Earthmoving Industry Insight, Reviews

First drive: Mazda BT-50 4×2 XT Hi-Rider ute

Matt Wood takes the Mazda BT-50 4x2 XT ute on the road, and says the Hi-Rider is the model he’d go for as a construction or farm-spec hauler


And that’s pretty much been the lot of the Mazda BT-50. The launch of the current-generation Ford Ranger and Mazda BT-50 back in 2011 represented the first time that the Mazda used a Ford commercial platform since the two carmakers agreed to work with each other back in the 1980s.

The Ranger looks tough and sturdy; the Mazda looks like it’s having its temperature taken at the vet.

I mean, really, when was the last time you saw a convoy of militia anywhere in the world driving BT-50s. They don’t, coz it makes them look like they should be throwing lollypops to the locals. The Mazda is just too funny looking.

But, in all fairness, the BT-50 makes a pretty good value statement as a work vehicle. The Ranger may be kicking sales goals and turning the screws on Toyota, but the Mazda gives you the benefit of the Ranger’s running gear at, in many cases, a significantly lower price.

The ‘Bitty Fitty’ as the cool kids call it, copped a mild update late last year that saw some suspension tweaks and a cosmetic freshen up. Cosmetically, the most noticeable change was the loss of the orange indicator eyebrows out front, these are now clear.

We got hold of a base spec cab-chassis 4×2 Hi-Rider XT version which was powered by the 2.2-litre, 4-cylinder diesel powerplant rather than the more popular 3.2-litre, 5-cylinder version. The 2.2 makes 110 killer watts at 3700rpm and a respectable 370Nm between 1500rpm and 2500rpm. Our work-spec mule was also equipped with a 6-speed auto trans.

This truck sits above the base single cab 4×2 low-rider, which would probably be the pick for city work duties. The Hi-Rider is essentially the 4×4 without the front diff and, as such, has the same ground clearance and wading depth as its 4×4 siblings. 

The 4×2 Hi-Rider is the one we’d go for as a construction or farm spec hauler.


A couple of hundred kilos of freight in the back settled the ride down.

As with most vehicles in this class the Mazda is equipped with an array of anti-awkward-conversation-with-insurance-company features in the form of electronic stability aids and trailer sway control.

Dual-cab models are available with a pickup tub, but the single-cab variants are cab chassis only, so you have to factor in a tray or body as part of the purchase price.

As the XT sits on heavier springs than its lower 4×2 counterpart it can take an impressive payload of 1533kg and maintains the 3,500kg towing capacity of the 4×4 models. However, it would be nice if the 4×2 models were available with a rear diff-lock to help with traction on site or in the paddock.

The base interior is still well-appointed, all switch gear is easy to reach and the multi-media system is easy to navigate. Storage is provided in the form of a console between the seats and pockets in the doors.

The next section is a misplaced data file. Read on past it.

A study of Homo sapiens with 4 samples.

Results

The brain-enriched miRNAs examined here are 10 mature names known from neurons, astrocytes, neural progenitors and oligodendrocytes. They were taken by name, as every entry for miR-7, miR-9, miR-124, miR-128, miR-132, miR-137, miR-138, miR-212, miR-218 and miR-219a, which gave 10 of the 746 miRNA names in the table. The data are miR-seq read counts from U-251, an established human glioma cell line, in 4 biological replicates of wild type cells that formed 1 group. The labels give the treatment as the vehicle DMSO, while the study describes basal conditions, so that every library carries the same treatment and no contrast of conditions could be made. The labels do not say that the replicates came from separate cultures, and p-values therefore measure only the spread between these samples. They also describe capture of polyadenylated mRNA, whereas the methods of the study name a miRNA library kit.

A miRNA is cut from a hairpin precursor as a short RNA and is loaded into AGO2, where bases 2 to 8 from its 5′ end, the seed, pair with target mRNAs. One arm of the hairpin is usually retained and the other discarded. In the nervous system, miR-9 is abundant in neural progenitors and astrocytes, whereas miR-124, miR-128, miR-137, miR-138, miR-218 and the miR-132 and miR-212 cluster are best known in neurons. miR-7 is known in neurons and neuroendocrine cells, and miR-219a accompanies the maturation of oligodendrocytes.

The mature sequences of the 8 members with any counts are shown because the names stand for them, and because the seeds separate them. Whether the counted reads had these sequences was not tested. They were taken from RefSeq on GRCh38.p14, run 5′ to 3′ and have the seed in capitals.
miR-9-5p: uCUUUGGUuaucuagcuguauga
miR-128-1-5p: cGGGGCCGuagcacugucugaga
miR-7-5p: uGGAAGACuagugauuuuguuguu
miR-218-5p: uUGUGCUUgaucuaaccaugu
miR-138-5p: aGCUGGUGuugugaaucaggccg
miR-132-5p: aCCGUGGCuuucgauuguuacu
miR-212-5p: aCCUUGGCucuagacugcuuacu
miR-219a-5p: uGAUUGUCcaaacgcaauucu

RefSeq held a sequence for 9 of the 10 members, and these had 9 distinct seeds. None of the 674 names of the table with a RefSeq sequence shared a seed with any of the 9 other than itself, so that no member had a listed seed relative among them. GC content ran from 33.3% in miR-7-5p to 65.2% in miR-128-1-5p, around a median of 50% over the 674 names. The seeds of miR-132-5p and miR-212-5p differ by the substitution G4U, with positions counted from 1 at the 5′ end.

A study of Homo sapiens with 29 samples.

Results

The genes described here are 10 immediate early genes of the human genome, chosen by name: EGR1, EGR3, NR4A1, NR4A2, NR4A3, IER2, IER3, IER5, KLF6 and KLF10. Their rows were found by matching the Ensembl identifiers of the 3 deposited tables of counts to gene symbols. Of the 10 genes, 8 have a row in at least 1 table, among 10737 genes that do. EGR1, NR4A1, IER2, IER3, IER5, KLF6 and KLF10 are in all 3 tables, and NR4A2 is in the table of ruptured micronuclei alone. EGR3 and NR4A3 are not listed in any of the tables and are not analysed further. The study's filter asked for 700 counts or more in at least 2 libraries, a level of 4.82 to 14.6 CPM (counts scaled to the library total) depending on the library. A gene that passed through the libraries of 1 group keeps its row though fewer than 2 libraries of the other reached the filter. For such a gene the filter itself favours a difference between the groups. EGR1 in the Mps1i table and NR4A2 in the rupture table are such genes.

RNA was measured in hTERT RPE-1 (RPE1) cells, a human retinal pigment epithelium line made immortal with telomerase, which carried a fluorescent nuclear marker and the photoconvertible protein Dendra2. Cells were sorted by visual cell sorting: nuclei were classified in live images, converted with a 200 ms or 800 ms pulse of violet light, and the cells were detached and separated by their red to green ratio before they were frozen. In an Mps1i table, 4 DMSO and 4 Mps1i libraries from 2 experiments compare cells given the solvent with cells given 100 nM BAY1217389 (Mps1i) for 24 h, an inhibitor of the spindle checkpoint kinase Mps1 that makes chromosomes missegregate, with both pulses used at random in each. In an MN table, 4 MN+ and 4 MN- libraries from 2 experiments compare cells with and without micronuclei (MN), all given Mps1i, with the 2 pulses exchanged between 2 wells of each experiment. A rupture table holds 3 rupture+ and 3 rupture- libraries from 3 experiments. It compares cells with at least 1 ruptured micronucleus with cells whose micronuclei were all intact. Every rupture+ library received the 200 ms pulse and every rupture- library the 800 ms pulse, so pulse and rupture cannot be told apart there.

The height-adjustable seats flip forward enough to provide a space to throw jackets, hi-vis vests and other work gear.

The Ford-sourced 2.2-litre engine is quite a flexible little unit and its one that I’ve come to like both on- and off-road. Sure it doesn’t have the all-out oomph of the big 5-cylinder but it still remains torquey enough to haul reasonable well. If you hadn’t already driven the bigger donk you probably wouldn’t complain.

The auto, however, likes a load on its back and tends to fumble at times when empty in city traffic. When you plant the foot you get the feeling that the drivetrain is winding up before it delivers.

The BT-50 steers extremely well, it corners without much pitch and roll and feels planted and stable. And I much prefer the Mazda’s traditional power steering setup to the updated Ranger’s updated electric steering.

Without a load on its back the rear suspension bucks, but then it’s an empty truck. In fact virtually all competitors with this spec ride in a similar fashion when empty.

We went to work as a courier to see how the Mazda was to work with. A couple of hundred kilos of freight in the back settled the ride down and, with a box trolley on board, we set off to do battle with shopping centre traffic. It was a cinch.

The BT-50 is an easy, comfortable drive. Visibility was adequate and the additional $820 option of a rear-view camera was handy when parking and backing into loading docks.

The only downside to this camera when mounted on a tray is that it doesn’t give you a view of the tow hitch, which is really handy if you hook up trailers on a regular basis. Another issue with the camera is the display in the rear-view mirror as it can be very hard to see in bright sunlight.

The rear-view camera is standard on 4×4 variants.

After huffing through the shopping centre under a towering trolley of boxes it was a relief to retreat to the air-conditioned confines of the BT cab. And it was an easy, comfortable ride to the next job.

The dealer-fitted alloy tray also features a lockable under-tray storage box and a water tank and sunscreen holder, which is a nice touch for a working truck.

All in all the BT-50 is a solid well-priced work truck, regardless of looks. I reckon we made quite a team.

The Maxda BT-50 4×2 XT Hi-Rider is priced at $31,085.32  (MLP $28,815 + Hi-Rider standard tray (fit price) $2,177.36 + rubber floor mats $92.96) also add $820 for the rear view camera. Less on-roads.